By David Cruz
Whatever your thoughts on the so-called Mastro report, Gov. Chris Christie is sticking to the narrative he hopes it has created, that of a chastened chief executive intent on making sure whatever happened at the GWB never happens again. When he announced the findings of his report last month, Randy Mastro’s reform recommendations were mostly overlooked, given the other tidbits in the 300-plus page analysis.
“We’ve recommended to the governor’s office that the governor appoint an ombudsman and a chief ethics officer for the governor’s office,” Mastro said during a press conference last month. “The ombudsman would be a senior statesman of unquestioned integrity and independence, reporting directly to the governor and to issue periodic reports to the public.”
This week, the governor announced the appointment long-time Dean of Seton Hall Law School, Patrick Hobbs, as the ombudsman. Hobbs, who also chaired the state’s Commission on Investigation, is charged with creating an ethics training program for all staff, establishing the position and setting parameters for Chief Ethics Officer for the governor’s office, creating a system for employees to report concerns and investigating or referring allegations of misconduct.
Last month, the governor said he would embrace the Mastro report’s recommendations. “It has been my resolve from the beginning to learn from this and to do whatever we can to be better. To be a better governor, to be a better staff and to be a better administration,” he said last month. “We owe that to the people of New Jersey and that’s what we will attempt to deliver.”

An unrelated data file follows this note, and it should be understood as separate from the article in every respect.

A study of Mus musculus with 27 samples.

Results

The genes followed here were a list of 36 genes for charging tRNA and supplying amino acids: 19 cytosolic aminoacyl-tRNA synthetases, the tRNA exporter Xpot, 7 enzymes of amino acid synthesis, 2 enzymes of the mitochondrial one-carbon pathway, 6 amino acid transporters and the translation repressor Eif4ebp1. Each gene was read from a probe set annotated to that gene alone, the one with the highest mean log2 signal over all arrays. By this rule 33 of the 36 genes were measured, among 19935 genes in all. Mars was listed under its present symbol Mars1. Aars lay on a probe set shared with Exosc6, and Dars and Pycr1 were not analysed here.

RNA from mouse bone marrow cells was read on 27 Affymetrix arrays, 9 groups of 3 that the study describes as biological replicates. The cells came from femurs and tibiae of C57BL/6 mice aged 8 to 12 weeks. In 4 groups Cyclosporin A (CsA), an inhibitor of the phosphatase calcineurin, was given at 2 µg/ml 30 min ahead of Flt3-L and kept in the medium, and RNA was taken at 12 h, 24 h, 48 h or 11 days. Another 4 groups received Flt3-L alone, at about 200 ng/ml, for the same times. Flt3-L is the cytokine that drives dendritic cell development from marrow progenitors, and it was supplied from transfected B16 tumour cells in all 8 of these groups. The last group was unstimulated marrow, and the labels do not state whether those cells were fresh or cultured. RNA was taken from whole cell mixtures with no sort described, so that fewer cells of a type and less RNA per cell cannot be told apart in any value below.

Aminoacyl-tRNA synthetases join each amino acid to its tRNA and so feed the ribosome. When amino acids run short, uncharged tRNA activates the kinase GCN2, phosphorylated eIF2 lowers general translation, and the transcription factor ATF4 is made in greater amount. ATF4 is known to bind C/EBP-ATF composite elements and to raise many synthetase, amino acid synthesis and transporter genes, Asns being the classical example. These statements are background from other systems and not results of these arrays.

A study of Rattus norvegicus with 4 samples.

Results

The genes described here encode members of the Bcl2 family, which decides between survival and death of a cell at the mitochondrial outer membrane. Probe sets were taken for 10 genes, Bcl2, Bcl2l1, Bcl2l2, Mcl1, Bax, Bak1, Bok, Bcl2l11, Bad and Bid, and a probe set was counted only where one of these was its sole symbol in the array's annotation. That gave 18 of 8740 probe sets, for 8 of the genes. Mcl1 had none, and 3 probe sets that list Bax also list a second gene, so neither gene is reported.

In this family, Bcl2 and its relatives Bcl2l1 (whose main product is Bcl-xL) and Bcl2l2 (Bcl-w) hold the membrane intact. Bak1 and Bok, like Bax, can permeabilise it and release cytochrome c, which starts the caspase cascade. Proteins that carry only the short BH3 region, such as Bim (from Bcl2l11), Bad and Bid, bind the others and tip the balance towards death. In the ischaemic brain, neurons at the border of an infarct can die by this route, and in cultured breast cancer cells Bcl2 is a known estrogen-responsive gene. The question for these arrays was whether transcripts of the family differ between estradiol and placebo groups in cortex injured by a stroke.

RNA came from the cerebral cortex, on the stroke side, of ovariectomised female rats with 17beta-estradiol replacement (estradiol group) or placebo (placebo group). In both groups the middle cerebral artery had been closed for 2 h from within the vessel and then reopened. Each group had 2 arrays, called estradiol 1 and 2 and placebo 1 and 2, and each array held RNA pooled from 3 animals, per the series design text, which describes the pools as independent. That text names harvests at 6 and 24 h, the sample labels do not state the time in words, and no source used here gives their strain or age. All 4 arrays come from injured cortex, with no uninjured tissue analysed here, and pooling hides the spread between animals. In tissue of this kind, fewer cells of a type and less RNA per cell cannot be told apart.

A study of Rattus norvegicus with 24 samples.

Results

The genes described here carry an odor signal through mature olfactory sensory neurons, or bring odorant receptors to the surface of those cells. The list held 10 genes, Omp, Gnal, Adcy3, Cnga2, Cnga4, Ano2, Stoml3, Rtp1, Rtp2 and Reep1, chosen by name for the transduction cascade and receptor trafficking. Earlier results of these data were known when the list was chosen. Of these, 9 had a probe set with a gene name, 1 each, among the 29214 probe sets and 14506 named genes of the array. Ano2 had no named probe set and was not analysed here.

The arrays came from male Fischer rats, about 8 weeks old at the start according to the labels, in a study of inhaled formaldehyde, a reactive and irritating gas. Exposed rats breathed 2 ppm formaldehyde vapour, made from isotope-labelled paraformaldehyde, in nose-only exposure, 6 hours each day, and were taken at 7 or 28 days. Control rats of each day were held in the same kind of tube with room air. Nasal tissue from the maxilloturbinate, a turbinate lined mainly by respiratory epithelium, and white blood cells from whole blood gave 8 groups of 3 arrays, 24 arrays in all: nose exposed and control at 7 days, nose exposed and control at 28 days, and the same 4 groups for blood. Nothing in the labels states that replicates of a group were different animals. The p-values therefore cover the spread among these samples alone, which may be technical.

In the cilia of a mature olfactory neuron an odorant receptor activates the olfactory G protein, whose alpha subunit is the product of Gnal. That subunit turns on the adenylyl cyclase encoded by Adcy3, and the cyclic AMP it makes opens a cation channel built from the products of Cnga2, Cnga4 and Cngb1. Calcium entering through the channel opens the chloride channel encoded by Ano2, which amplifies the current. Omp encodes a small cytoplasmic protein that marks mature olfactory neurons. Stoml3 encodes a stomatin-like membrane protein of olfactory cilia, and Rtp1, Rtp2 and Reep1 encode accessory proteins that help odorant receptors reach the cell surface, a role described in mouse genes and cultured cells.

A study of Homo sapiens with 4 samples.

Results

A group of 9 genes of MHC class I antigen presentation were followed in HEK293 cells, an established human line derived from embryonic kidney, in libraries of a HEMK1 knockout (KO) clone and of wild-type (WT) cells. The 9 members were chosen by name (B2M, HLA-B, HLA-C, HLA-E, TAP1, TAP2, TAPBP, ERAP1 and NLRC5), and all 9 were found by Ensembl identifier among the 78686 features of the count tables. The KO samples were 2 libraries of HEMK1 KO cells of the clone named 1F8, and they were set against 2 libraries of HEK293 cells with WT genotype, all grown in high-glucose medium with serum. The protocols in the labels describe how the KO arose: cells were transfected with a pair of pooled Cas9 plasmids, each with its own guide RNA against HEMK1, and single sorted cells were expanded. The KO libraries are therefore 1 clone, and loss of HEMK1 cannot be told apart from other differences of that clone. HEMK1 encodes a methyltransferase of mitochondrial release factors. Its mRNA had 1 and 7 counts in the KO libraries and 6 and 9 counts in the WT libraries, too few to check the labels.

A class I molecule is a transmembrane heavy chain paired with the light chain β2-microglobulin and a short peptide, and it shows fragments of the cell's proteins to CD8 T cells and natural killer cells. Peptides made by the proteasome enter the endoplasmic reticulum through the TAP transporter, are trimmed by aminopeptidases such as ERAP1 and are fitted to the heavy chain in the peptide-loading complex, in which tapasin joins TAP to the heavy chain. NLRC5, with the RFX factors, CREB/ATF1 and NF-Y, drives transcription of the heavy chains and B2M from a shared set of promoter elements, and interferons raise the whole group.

Hobbs wasn’t available today but issued a statement through the university. “The governor has made it clear,” he said, “that he wants all members of his office to have a place to go to raise concerns that might otherwise not be addressed.”
The governor also announced that he will dissolve the Office of Legislative and Intergovernmental Affairs. That’s the office once headed by Bridget Kelly, Christie’s former deputy chief of staff, and, according to the Mastro report, the driving force behind the whole GWB scandal. The office will be replaced by a revamped Office of Community and Constituent Relations. That was also a recommendation of the Mastro report.
“The mission of that office should be made crystal clear,” admonished Mastro. “To be a service function for all in a non-partisan manner.”
Christie’s announcement this week served to trump his detractors on the joint legislative committee looking into the GWB lane closures. The committee has been bogged down with infighting, Republicans threatening this week to boycott future committee meetings because Democrats, they say, are refusing to consider their proposed reform bills, or anything else they have to say, for that matter.
“Right now, we are frankly treated like pieces of furniture,” said Republican Assemblywoman Amy Handlin. “There are major strategic and tactical decisions being made with absolutely no meaningful input from minority members.”
Christie critics don’t think much of the reforms proposed by the Republicans or for the findings of the Mastro report. Assemblyman John Wisniewski has said that any proposals for reform are premature because his committee still hasn’t gotten all its questions answered, although the ombudsman idea is one that has been talked about for some time.
Hobbs will step down from the state commission but keep his job as Dean of Seton Hall Law, a prestigious position with an important institution where one could presumably go about his business in relative obscurity, as opposed to the bubbling cauldron of a Statehouse obsessed with scandal.